TODAY is March 15, 2021. It has been exactly 500 years since Fernando Magallanes, the Portuguese explorer working for the Spanish monarchy, visited this group of islands later to be called Filipinas.
It is good that Pigafetta’s writings on Magellan’s voyage are still preserved in the British Library, together with the account of the Genoese pilot who sailed with Magellan. In his book “1421 The Year China Discovered The World,” Gavin Menzies, retired Royal Navy Submarine commanding officer, quoted Pigafetta and the Genoese who described “Magellan’s landfall in the Philippines and how he found a strait between Mindanao and Leyte shown on the Rotz chart.”
Menzies continued: “Magellan passed through this strait and anchored at the first island, Limasava (not Limasawa), where the king greeted him. Pigafetta described the king and queen wearing Chinese silk and eating off Chinese porcelain that had been buried for fifty years to increase its value. Their houses had silk curtains and porcelain ornaments, and their trading currencies were Chinese coins with square centers. The same story was repeated on island after island visited by Magellan’s ships en route to the Spice islands. Zhou Man must have emptied his holds of porcelain as he went along, a century before Magellan.”
‘For centuries, generations of Filipino children are being taught our history from the point of view of Europeans and Americans.’
Pigafetta described Magellan’s meeting with the king of Limasava, Menzies continued. (Our Philippine history identifies this king as Rajah Kolambu). “Magellan showed him the marine chart and the compass of his ship telling him how he had found the Strait to come hither and how many moons he had spent in coming; also, he had not seen any land, in which the King marveled. Magellan showed the king a chart depicting the strait and the empty Pacific. There was also a letter from Sebastian Alvarez, the King of Spain’s factor (a merchant buying and selling on commission), to his king: ‘From Cape Frio until the Islands of the Moloccas throughout this navigation there are no lands laid down in the maps they [Magellan’s expedition] carry with them.’ Taken together, these accounts can mean only one thing. When Magellan sailed, he had with him a chart that not only showed the Strait of Magellan but also the Pacific at 52 degrees South and an empty ocean from there to the Spice Islands on the equator. Someone must have sailed through the Strait of Magellan and across the Pacific before Magellan to make that chart.”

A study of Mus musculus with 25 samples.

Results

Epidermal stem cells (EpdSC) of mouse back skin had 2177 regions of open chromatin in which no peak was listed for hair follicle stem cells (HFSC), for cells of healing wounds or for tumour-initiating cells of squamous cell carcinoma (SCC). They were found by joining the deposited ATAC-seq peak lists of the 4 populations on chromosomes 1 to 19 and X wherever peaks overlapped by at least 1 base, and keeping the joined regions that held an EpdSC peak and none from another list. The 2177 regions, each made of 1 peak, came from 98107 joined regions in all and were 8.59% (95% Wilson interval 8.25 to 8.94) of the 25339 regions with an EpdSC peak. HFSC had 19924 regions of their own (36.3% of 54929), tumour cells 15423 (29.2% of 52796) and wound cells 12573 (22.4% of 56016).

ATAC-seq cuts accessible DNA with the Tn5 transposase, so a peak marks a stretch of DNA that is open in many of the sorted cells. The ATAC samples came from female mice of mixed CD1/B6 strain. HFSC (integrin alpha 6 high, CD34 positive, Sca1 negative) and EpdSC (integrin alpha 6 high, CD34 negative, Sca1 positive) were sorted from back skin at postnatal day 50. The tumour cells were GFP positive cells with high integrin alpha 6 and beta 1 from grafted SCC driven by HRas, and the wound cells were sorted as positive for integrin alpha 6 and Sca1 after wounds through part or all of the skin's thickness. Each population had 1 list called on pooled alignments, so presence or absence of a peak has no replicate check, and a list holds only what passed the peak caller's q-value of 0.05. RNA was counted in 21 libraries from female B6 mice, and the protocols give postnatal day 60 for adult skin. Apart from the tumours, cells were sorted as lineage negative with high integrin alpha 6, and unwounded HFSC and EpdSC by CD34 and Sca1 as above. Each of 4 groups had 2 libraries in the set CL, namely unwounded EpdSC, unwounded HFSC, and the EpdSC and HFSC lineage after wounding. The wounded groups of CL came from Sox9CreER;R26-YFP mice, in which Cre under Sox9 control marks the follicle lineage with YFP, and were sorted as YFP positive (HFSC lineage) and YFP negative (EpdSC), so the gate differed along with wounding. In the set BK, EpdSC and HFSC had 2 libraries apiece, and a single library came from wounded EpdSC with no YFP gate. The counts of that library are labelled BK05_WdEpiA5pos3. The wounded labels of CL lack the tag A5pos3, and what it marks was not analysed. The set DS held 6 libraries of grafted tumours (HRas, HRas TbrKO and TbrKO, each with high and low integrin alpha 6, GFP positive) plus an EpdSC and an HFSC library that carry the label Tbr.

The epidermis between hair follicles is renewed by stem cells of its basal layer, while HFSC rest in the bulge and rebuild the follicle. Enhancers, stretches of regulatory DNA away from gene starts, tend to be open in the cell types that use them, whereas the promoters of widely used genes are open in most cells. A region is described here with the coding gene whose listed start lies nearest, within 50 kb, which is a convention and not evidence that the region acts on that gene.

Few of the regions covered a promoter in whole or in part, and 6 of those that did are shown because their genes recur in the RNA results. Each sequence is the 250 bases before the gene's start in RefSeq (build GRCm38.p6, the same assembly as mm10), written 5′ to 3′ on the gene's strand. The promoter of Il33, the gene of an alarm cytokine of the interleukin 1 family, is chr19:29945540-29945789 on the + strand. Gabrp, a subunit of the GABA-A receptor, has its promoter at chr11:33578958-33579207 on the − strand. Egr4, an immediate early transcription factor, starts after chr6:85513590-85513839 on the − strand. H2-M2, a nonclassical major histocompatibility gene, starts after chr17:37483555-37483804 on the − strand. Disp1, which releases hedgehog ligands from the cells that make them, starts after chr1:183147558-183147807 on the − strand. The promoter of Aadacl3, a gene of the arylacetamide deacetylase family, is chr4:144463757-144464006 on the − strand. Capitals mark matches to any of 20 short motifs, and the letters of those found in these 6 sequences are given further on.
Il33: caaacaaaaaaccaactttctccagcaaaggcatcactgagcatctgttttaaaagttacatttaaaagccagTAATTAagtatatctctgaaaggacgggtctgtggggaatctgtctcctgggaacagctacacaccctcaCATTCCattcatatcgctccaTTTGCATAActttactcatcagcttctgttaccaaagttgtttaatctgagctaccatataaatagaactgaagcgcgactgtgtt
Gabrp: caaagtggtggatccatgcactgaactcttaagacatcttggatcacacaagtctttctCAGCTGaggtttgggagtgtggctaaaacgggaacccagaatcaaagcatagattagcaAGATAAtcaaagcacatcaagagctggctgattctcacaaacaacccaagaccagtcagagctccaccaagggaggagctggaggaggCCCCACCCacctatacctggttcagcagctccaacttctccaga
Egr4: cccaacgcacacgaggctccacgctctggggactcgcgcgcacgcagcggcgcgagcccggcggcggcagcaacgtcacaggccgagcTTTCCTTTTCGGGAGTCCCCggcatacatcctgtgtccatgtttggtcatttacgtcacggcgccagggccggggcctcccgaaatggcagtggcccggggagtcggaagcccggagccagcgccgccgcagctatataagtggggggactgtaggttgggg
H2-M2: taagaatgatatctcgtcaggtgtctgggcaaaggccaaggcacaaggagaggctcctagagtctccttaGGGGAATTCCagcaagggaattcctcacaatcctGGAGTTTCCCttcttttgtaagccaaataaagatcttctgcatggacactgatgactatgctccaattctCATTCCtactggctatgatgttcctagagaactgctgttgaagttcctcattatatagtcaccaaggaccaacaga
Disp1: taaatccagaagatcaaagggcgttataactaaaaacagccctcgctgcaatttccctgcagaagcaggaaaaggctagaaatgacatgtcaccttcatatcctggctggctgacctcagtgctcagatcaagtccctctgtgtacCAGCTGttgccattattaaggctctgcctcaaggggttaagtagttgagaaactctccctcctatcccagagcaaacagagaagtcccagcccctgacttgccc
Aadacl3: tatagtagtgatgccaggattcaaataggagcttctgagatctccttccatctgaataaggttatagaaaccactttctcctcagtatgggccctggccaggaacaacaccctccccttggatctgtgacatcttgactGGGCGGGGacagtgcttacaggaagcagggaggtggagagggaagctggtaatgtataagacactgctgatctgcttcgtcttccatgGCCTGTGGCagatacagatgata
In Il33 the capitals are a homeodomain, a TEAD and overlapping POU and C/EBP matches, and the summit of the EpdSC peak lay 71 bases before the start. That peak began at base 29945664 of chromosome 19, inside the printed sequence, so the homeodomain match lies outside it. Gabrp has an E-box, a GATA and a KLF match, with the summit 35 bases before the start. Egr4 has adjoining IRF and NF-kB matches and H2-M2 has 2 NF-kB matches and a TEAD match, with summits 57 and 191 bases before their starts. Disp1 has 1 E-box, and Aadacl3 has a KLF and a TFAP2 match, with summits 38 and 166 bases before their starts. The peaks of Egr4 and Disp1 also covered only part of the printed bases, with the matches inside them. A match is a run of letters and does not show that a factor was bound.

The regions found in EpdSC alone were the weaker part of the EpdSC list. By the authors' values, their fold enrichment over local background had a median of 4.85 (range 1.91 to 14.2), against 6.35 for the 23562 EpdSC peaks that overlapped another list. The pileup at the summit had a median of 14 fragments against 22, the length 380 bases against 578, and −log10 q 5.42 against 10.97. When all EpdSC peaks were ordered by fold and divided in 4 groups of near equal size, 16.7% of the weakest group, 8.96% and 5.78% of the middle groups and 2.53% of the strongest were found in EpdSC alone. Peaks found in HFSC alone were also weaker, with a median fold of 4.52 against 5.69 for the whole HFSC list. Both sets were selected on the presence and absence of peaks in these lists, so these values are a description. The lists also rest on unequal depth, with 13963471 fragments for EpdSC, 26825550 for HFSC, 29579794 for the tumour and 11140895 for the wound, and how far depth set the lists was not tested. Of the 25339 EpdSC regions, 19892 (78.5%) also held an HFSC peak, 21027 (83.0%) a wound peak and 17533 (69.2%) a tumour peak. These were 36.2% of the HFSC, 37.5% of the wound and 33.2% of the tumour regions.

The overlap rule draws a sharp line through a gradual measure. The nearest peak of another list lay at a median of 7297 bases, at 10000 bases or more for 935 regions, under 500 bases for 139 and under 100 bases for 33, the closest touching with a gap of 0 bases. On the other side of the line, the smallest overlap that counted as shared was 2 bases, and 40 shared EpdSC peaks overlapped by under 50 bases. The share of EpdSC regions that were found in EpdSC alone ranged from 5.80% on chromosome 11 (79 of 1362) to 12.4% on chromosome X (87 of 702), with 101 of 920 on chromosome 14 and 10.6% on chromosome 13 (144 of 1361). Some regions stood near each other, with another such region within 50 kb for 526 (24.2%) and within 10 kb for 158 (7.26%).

It does not matter now whether Magellan first saw Homonhon island in Samar or Limasawa. Only that the intrepid Portuguese navigator was in our shores, and was in fact the beneficiary of Filipino hospitality when we were not yet Filipinos (Guiuan, Samar natives gave him food and fresh water as they were dying from hunger and thirst).
It was also the start of 500 years of deception by the forces of the crown and the cross, the reason President Duterte prohibited the official celebration of the 500th year anniversary of Christianity in the Philippines. The President would rather celebrate the quadricentennial of Lapu-Lapu victory in the Battle of Mactan.
For centuries, generations of Filipino children are being taught our history from the point of view of Europeans and Americans.